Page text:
Debate: Clinton’s strengths
NEW YORK — Hillary Clinton has said it herself: She’s not the most naturally gifted public communicator.
“I am not a natural politician, in case you haven’t noticed, like my husband or President Obama,” she said in March.
Yet her first public speech was a star-making one, landing her in a Life magazine write-up at the tender age of 21. She was a senior at Wellesley, the first student chosen to address a commencement there. Unhappy with the words of the U.S. senator invited to speak before her, she parried with an unplanned rebuke, before launching into her prepared remarks. It was unscripted and rather audacious — so audacious, in fact, that the president of Wellesley felt compelled to apologize to the senator.
“Courtesy is not one of the stronger virtues of the young,” wrote Ruth Adams, in a letter recently unearthed by The Washington Post. “Scoring debater’s points seems, on occasion, to have higher standing.”
Nearly 50 years later, Clinton is facing the most important debates of her life as she squares off against Donald Trump beginning Monday — three high-stakes contests that could set the momentum for the remainder of the presidential campaign.
Significance: What kind of communicator has she become in those years since Wellesley, the last 30 or so in the public eye? That first speech is significant, says Kathleen Hall Jamieson, of the University of Pennsylvania’s Annenberg Public Policy Center, because it shows how even a college-age Clinton was able to think on her feet and jump on the moment — a key asset in a debate.
Clinton also showed, and has honed for years, a propensity to engage the other side, to argue and counter-argue like a lawyer, Jamieson says — not surprising, since her next stop after Wellesley was a law degree at Yale.
But along with those and other obvious strengths — such as the depth of her preparation — Clinton can sound scripted, especially in contrast to her husband, a gifted empathizer. “‘I feel your pain’ — that was a joke line about Bill Clinton, but some people have to work harder at it than others,” Jamieson says. “It was more natural for Ronald Reagan and Bill Clinton than it is for Hillary Clinton.”
She’s also known to be guarded. “People who support her say she is thoughtful,” says Jamieson. “Those who oppose her say she is hiding something.” But she adds that there’s good historical reason for Clinton to watch her words.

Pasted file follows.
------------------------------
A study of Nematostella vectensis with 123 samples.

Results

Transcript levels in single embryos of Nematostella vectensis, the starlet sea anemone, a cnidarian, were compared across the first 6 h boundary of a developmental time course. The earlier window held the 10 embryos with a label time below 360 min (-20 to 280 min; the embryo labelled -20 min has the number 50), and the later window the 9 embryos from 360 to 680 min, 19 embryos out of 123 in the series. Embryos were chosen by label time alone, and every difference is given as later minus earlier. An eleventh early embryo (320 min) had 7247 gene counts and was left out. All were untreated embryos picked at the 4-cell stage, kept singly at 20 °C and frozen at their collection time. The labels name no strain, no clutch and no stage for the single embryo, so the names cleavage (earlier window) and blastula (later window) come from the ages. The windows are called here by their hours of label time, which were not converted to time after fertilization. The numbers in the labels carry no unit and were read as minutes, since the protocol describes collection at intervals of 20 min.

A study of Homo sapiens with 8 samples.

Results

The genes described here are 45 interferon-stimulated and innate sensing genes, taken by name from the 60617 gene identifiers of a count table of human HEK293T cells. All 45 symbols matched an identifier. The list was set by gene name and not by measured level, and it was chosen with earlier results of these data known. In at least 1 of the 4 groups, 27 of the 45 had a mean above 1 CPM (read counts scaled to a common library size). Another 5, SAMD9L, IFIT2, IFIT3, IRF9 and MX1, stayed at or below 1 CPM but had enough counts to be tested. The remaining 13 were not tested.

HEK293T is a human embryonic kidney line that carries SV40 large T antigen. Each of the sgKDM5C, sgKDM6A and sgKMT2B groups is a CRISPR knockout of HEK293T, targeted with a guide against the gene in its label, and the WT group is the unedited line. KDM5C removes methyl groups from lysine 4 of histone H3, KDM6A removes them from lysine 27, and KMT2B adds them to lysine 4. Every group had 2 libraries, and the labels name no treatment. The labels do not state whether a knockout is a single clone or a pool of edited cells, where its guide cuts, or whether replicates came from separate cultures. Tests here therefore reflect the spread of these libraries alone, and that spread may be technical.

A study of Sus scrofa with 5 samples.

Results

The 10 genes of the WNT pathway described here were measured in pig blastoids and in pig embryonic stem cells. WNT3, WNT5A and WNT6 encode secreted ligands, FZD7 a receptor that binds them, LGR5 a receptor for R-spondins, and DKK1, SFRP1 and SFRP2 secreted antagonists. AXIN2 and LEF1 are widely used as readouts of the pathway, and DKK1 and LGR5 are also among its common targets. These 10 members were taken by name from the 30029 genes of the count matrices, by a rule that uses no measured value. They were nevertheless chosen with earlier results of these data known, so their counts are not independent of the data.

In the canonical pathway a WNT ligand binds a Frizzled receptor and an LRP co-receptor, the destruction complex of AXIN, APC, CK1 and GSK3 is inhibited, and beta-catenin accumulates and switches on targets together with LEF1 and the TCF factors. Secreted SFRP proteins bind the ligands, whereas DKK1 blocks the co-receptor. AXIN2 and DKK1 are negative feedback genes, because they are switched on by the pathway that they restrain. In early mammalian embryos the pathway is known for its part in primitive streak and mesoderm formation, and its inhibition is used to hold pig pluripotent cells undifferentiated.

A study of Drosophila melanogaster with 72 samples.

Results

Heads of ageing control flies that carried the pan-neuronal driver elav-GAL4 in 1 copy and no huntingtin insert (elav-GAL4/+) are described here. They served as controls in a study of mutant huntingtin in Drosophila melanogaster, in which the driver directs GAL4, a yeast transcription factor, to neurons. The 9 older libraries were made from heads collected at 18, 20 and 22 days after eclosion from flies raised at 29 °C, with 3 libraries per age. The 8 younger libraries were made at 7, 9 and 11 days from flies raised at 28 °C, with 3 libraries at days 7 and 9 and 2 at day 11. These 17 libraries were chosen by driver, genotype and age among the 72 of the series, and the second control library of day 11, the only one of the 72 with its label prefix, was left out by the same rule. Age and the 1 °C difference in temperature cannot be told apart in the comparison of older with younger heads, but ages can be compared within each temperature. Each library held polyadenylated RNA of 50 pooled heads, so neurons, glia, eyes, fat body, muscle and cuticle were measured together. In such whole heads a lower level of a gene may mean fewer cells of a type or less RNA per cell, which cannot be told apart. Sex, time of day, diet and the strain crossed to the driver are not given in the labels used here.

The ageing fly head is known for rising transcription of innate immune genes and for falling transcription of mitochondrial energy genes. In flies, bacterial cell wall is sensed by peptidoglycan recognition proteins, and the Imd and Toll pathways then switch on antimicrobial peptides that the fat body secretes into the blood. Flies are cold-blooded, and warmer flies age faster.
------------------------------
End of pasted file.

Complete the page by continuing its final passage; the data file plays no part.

“She’s been burned by statements that were taken to mean something she didn’t necessarily intend, like her famous 1992 ‘cookies and teas’ remark,” which Jamieson says was “taken egregiously out of context.”
Then, of course, there’s the persistent description of Clinton “lecturing” — or worse, “yelling.” Many counter that this description is inextricably wound up in gender perceptions. (One commentator, Mark Rudov, said on Fox News in 2008 that when candidate Obama spoke, “Men hear, ‘Take off for the future,’ and when Hillary Clinton speaks, men hear, ‘Take out the garbage.’”)
“I don’t think one can talk about anything related to Hillary Clinton where gender is not (a factor), whether it’s conscious or not,” says Deborah Tannen, professor of linguistics at Georgetown University.
“What you constantly hear about is her yelling,” Tannen says. “But of course, candidates all yell. They have to.” That famous 2004 Howard Dean yell was a rare occasion when a male candidate was called out for it, she notes.
Tannen says Clinton — like other women in authority — is subject to a “double bind,” meaning whatever she does is going to violate either expectations for how a woman should speak, or how a leader should.
In other words, for a female candidate, appearing tough and empathetic at the same time is a challenge. Biographer Gail Sheehy says that during Clinton’s 2008 presidential race, her campaign emphasized the toughness, so that she would be taken seriously — especially by the military — as a potential commander in chief.
“She won that battle,” Sheehy says, “but in the process it obscured her nurturing qualities — her ability to understand and relate to people who are vulnerable. We’ve seen that ability in her actions throughout her whole life — but even today she has a hard time conveying it.”
One of Clinton’s most admired moments as a public speaker came in 1995, when, as first lady, she addressed the U.N. World Conference on Women in Beijing and made the powerful declaration that “human rights are women’s rights, and women’s rights are human rights.” But Sheehy also points to a very different moment as memorable for Clinton — the 2008 “coffee shop moment” in New Hampshire, where Clinton’s voice shook and she seemed near tears as she spoke of her goals for the country.
“She allowed herself to show a little vulnerability — in spite of herself — and wow, women all over the place related to her,” Sheehy says. “The problem is that today, there isn’t very much ‘we’ in the way she speaks. We don’t feel like she’s having a conversation with us.” In the debates, Sheehy suggests, Clinton might do well to inject some humor where she can, to portray accessibility.
Some feel Clinton shouldn’t have to be worrying about that at all.
Why, wonders feminist blogger Andi Zeisler, isn’t it enough for Clinton simply to show her qualifications for the job? When did it become, she asks, about being the candidate you can have a beer with — or who can dance with Ellen DeGeneres on her talk show?
“That’s not the person I want to see, and that’s certainly not who she wants to be,” Zeisler says. “I think she’s from a time when you weren’t SUPPOSED to have a beer with your president. They were supposed to be too busy and too smart.”